Avalere Health CEO Dan Mendelson said Thursday that the administration may let policyholders keep that coverage for an additional three years, stressing that no decision has been made. Policymakers are waiting to see what rate hikes health insurers plan for the insurance exchanges that are key to the overhaul's coverage expansions.
"The administration is entertaining a range of options to ensure that this individual market has stability to it and that would be one thing that they could do," he said.
Avalere Health is a market analysis firm, but Mendelson said his company was not advising the administration on exchange policy. He said he has had informal discussions with administration officials about the extension, but he didn't identify them.
A spokeswoman for the Department of Health and Human Services, Joanne Peters, said "We are continuing to examine all sorts of ways to provide consumers with more choices and to smooth the transition as we implement the law."
Aetna Inc. Chairman and CEO Mark Bertolini also told analysts during a conference call to discuss quarterly earnings that he had heard the plans may be extended. Aetna is the nation's third-largest health insurer.
Aetna Chief Financial Officer Shawn Guertin said in an interview after the call that there have been discussions about whether the plans should be extended again, but he didn't have any more details.
Individual policyholders were hit with a wave of cancellation notices last year because their coverage was less robust than what is required under the law, and many states allowed insurance companies to simply cancel them
This became one of the most politically explosive issues in the transition to a new health insurance system under Obama's law. An estimated 14 million people were already buying their own individual insurance policies. Many of them are self-employed business owners, others are early retirees, and some are in transition between jobs.
The wave of cancellation notices — at least 4.7 million of them — hit just when the new HealthCare.gov website was experiencing some of its worst technical problems, and it undercut the president's well-publicized promise that if you liked your plan you could keep it.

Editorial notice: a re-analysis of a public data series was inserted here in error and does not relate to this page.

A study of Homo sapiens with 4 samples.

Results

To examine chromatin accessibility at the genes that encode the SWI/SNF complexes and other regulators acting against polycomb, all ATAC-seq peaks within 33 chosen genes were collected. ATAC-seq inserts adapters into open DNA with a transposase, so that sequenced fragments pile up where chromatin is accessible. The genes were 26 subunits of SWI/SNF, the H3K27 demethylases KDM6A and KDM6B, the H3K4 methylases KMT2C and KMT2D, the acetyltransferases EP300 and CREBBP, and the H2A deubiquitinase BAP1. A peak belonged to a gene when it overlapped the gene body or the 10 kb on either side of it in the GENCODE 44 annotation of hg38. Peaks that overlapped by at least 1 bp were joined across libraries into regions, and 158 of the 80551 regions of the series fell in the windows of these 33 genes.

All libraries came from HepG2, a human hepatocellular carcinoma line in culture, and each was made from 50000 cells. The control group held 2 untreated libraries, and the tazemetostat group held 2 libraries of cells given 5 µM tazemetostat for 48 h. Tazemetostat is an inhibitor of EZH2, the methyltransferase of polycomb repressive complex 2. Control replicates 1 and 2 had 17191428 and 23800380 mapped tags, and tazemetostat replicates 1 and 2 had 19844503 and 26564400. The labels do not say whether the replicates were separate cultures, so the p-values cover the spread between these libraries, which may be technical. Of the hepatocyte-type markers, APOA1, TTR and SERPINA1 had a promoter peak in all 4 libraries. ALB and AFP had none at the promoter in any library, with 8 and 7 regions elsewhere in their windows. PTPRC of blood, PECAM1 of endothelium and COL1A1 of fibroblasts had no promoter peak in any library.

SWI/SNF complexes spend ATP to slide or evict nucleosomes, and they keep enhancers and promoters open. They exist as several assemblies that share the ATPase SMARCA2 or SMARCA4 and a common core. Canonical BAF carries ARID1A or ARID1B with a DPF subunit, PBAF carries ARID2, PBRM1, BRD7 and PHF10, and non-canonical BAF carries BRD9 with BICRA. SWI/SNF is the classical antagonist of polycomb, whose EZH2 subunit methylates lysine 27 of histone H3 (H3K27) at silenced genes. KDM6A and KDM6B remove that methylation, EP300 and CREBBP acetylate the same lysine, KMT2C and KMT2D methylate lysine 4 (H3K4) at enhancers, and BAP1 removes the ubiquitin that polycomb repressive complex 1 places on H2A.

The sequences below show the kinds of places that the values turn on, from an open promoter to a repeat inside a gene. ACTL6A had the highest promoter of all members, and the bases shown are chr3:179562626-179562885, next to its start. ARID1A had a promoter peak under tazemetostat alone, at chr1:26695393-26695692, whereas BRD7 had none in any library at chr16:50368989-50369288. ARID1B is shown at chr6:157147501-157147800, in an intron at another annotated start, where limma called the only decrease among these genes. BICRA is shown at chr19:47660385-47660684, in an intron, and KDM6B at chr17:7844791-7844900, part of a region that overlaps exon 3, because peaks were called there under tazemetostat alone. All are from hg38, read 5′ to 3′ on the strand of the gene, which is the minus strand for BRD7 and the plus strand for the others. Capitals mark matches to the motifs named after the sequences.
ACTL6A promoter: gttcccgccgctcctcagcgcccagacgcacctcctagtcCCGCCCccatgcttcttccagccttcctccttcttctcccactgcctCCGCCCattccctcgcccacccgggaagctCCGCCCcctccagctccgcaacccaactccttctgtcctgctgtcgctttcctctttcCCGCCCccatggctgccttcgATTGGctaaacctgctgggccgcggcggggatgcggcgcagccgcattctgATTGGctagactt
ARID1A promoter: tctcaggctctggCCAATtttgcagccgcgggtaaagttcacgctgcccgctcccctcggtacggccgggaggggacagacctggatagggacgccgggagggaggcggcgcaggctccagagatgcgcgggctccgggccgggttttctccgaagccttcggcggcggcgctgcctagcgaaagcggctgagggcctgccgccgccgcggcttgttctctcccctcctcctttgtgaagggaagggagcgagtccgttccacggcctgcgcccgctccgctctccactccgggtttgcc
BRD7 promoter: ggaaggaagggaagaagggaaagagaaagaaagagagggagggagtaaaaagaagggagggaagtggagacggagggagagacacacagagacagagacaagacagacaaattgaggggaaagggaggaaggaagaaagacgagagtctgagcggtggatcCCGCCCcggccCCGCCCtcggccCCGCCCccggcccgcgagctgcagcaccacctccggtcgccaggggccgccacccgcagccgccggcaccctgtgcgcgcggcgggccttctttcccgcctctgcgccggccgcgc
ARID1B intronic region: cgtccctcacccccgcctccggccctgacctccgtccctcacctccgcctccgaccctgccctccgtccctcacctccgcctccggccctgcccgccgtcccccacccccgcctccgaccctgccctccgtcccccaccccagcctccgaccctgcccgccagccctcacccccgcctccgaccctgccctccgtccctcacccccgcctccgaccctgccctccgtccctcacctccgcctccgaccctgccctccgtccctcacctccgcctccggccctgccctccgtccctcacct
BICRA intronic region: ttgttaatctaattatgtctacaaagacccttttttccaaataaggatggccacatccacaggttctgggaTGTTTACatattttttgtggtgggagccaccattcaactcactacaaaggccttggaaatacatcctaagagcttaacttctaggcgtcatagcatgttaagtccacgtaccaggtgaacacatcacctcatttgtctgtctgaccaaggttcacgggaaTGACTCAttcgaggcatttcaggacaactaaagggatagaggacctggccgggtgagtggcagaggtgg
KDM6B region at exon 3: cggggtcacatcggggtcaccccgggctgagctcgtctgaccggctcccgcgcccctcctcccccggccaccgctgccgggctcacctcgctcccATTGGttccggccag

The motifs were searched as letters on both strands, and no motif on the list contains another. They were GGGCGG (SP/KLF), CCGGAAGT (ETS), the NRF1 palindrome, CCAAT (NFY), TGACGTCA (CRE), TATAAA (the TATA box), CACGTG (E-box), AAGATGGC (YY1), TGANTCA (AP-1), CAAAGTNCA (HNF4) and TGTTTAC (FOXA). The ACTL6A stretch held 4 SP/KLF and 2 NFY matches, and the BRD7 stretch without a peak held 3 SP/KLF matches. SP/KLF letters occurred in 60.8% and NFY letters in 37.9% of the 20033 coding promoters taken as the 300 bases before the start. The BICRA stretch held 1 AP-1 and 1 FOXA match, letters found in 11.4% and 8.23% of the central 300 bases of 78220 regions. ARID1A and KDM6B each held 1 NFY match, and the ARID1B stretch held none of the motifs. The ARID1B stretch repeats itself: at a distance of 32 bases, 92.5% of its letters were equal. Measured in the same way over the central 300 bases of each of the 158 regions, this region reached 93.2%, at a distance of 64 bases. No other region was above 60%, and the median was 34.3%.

The law included a complicated scheme called "grandfathering" to try to deliver on Obama's pledge. It was intended to shield policies in force at the time the law passed from many new requirements, provided the policies themselves changed little. But insurers considered it impractical. And many of the cancelled individual policies would not have been eligible for relief anyway, since they were purchased after the law's passage.
The predicament of millions of Americans with cancelled policies unable to get new ones because of a dysfunctional government website put the administration in an even more uncomfortable position.
At first the White House went into damage-control mode, arguing that many of the cancelled plans were "junk" insurance and consumers would be better off with the broader coverage available through the health care law's new insurance markets.
But soon Obama was forced to reverse course, urging insurers and state regulators to allow policyholders to keep their existing plans for an additional year. Most states complied with the request.
Now the administration is considering adding more years to this extension to avoid another wave of problems if rates on the exchange climb too high and people are left without an affordable coverage option. Health insurers are supposed to submit by May the rates they want to charge on the exchanges next year.